New Years Resolutions for Craft Drinkers

Happy New Year! 2014 was a great year for craft beer in Ontario and I think 2015 is shaping up to be even better. Ontario has more breweries, more brewpubs and a greater focus has been placed on the issues surrounding distribution and sales. With the disclosure of the Ontario government’s complicity in the Beer Store’s anti-competitive practices, more Ontarians are becoming aware of what they are buying and who’s selling it to them. To help support the momentum I’ve decided to try a couple of things to help support local, independent brewers which you may also want to consider.

Buy Beer at its Source 

One of the things I am aiming to do this year is purchase the majority of my beer from each brewer’s retail store. This has a number of advantages. Firstly, it gives the craft drinker access to products not available through the Beer Store / LCBO. Second, it provides an opportunity to interact with the people who make the products we love; pick their brains for homebrew ideas, get a sneak peek of what is coming up, or just shoot the breeze about beer generally. Thirdly, it gives the purchaser an opportunity to explore Ontario. Just visiting retail shops in Toronto has exposed me to areas I might not have otherwise spent much time in from the ultra-trendy area around Bellwoods Brewery to the beautiful Lakefront on which Amsterdam’s brewhouse resides.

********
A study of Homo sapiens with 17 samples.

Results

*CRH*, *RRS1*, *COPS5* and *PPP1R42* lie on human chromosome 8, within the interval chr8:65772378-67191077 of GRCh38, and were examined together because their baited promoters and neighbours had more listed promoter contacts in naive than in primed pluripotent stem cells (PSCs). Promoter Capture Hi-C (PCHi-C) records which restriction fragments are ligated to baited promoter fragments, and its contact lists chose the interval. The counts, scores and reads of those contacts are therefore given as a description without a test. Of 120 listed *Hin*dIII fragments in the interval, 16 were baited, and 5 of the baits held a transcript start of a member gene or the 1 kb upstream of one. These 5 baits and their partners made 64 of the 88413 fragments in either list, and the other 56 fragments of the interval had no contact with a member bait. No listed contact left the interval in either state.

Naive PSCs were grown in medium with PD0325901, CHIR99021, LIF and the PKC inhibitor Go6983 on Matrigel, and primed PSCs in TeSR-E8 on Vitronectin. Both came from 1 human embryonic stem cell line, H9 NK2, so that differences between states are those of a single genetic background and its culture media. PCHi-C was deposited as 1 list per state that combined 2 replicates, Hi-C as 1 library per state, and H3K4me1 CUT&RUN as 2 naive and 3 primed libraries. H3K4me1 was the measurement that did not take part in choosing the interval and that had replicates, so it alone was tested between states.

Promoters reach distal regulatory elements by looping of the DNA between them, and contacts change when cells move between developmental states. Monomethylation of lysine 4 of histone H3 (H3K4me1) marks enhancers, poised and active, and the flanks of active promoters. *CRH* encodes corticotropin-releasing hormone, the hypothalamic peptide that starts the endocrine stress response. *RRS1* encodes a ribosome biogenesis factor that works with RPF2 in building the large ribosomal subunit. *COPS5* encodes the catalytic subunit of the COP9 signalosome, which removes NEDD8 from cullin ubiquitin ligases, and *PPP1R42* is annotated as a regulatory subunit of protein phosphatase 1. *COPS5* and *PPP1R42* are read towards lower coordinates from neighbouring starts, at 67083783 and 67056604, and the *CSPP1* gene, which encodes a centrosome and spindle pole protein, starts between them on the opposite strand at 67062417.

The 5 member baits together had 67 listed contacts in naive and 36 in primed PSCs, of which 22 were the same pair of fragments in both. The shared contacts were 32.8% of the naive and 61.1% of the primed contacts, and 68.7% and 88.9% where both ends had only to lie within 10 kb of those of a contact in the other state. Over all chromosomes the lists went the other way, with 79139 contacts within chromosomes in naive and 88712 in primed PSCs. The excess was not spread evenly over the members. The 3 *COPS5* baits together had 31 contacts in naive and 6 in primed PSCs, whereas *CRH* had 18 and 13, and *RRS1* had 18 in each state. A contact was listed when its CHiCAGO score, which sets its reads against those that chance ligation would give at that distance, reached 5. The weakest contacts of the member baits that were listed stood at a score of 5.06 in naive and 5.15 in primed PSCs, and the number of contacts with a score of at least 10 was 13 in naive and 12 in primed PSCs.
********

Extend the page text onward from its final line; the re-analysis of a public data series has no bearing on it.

Finally, and perhaps most importantly. this practice allows the craft consumer to buy their products outside the Beer Store / LCBO structure. The tax is still paid so the services we enjoy are still safe, but one can send a message that they do not support the archaic, anti-competitive nature of the “Brewer’s Retail” or the LCBO’s complicity in their oligopoly.

Attend More Local Beer Events

Many of the same advantages from one’s retail habits apply here; attending these events gets you out, forces you to meet others in the scene and supports the breweries you love. Such events also give positive exposure to the craft scene as a whole and show that good beer is for and is made by artists and thinkers rather than the boorish slobs imagined by those unfamiliar with craft beer and its drinkers.

I felt I definitely could have made more time for local beer events and look forward to getting more involved in 2015.

Homebrew or Blend

This made sound like an odd resolution / suggestion if the aim is to support the brewing of others, but homebrewing is really the best way to understand the brewing process and what goes into making a truly good beer. It will give you something to talk about should you pursue either of the two above options and is a great way to help train your nose and palate.

Can’t stretch all the way to brewing? Try blending! Doing so not only gets you out of your standard drinking habits, it makes you think about the individual elements in each beer you like. Here’s a nice link to get you started. One simple blend that I liked was: 1/3 Mill Street Coffee Porter, 2/3 Amsterdam Boneshaker for a roasty pseudo American Black Ale. The easiest way is to simply pour 3 bottles (1 Mill St, 2 Amsterdam) into an empty growler and serve immediately. There are all sorts of wonderful blends to try, so give it a shot. Worst case, you’re left with a bunch of leftover beer you already like.